PUBLISHED bids of APW1 (wheat) in the Esperance port zone have consistently been higher than those in Kwinana since the start of March, however actual traded values in Esperance were much higher than published bids earlier than that.
Wheat from the Kwinana port zone is regularly bid at a small premium to Esperance, reflecting the slightly higher execution costs from Esperance to major export destinations.
However, this can vary considerably based on supply and demand factors such as the quality profile and size of the crop harvested, grower selling, buyer appetite and risk of executing.
Clear Grain Exchange (CGX) business development manager Peter Brennan said WA grain had been pricing very competitively into export destinations for months.
"With the recent jump in international wheat markets on the back of supply concerns due to the Ukrainian/Russian war, the world needs WA wheat even more," Mr Brennan said.
"Given the national supply chain tightness and the quality profile of last season's wheat crop is now known, buyers appear keen to be searching for grain in port zones where shipping capacity is available and where grades are available that they can make work."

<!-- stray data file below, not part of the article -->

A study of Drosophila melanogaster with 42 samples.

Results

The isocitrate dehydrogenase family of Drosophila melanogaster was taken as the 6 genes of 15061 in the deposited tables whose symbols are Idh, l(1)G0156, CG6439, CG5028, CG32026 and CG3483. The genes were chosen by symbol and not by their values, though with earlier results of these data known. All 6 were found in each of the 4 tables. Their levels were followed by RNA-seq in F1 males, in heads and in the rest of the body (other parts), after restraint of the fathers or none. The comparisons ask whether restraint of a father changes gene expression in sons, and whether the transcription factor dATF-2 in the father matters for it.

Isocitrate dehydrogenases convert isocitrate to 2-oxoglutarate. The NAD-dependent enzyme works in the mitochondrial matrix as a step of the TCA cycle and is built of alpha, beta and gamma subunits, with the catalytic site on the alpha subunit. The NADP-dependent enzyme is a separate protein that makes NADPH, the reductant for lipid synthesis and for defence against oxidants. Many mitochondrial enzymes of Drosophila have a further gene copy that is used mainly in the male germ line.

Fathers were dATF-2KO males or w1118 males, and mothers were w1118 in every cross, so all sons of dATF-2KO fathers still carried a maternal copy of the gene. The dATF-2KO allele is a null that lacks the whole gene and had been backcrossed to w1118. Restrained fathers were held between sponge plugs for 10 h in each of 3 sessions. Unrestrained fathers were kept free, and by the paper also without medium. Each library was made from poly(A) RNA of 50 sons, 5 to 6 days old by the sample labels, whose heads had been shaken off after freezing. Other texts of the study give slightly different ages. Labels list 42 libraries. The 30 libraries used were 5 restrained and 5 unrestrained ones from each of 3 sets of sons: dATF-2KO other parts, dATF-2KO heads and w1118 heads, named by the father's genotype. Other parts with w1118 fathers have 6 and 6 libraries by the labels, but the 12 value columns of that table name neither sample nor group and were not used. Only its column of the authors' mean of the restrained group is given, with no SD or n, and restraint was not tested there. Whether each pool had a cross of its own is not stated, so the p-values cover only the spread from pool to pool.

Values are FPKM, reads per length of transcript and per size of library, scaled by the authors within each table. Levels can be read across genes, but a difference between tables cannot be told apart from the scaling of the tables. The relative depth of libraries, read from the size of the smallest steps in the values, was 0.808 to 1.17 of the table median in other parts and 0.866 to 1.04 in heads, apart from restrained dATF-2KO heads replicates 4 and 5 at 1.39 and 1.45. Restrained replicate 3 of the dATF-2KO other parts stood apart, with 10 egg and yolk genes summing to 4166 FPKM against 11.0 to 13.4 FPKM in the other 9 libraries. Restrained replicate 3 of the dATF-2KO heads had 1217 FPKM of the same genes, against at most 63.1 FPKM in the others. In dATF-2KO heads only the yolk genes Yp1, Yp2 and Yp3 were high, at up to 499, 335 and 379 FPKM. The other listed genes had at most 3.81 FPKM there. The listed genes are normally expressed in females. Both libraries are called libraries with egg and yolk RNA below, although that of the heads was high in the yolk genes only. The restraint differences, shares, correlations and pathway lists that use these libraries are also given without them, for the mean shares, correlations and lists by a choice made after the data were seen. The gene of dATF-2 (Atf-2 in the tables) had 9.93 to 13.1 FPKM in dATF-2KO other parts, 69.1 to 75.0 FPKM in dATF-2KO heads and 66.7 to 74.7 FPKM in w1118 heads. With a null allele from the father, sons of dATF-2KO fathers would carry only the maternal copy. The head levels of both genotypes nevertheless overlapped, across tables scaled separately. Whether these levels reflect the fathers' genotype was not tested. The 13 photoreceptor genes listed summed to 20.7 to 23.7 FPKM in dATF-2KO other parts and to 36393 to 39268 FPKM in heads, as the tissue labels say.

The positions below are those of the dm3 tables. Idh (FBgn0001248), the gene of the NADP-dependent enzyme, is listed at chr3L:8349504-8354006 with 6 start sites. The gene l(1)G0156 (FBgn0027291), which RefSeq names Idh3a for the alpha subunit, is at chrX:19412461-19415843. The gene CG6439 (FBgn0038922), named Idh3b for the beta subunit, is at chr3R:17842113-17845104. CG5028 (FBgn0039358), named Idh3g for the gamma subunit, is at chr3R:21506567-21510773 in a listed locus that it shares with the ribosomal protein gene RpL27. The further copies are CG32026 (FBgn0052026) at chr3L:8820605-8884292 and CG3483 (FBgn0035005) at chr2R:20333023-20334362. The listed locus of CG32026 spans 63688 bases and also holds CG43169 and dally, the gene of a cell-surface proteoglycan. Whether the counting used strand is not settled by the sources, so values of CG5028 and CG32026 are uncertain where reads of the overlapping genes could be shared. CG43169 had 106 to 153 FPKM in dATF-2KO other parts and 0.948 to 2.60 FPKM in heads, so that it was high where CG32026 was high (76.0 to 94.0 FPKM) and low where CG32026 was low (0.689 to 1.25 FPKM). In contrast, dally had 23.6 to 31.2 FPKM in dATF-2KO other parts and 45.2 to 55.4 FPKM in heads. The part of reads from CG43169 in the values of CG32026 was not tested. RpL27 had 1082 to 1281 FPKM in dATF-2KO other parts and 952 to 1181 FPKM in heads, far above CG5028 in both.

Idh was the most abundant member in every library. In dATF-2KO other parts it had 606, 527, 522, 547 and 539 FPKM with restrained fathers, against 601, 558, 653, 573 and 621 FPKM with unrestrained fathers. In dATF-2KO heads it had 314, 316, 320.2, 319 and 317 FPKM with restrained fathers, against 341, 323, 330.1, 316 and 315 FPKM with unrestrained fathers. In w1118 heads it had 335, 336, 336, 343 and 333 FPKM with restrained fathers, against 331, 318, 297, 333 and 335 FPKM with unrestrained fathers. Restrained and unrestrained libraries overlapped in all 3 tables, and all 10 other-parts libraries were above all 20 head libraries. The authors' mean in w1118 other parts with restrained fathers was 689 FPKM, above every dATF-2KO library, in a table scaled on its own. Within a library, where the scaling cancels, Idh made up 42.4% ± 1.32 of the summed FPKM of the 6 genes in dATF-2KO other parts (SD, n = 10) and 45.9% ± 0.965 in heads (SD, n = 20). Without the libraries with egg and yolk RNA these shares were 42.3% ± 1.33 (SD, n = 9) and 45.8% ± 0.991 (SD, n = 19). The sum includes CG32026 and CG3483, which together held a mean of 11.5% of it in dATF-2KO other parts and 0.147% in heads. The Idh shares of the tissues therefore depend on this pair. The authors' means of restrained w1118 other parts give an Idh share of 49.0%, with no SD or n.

The recent addition of 200,000 tonnes in shipping capacity from CBH Group undoubtedly had an impact on the prices being fetched.
Extra shipping capacity creates more demand for grain because more can be moved offshore and importers are needing it.
"We have seen this flow through to buyers searching for almost all grades as they work out what's available versus what they can blend on the ship to make work," Mr Brennan said.
"Thankfully this has helped to underpin prices with many buyers pushing prices up to values growers are targeting for sales so they can secure the grain."
Overall, there have been periods this season where Esperance port zone wheat values, ASW1 in particular, have been trading on CGX higher than Kwinana port zone, even before the most recent shipping capacity increase.
"Helping more buyers participate in the market has meant the price differential for some grades has better reflected the real value of grain across port zones," Mr Brennan said.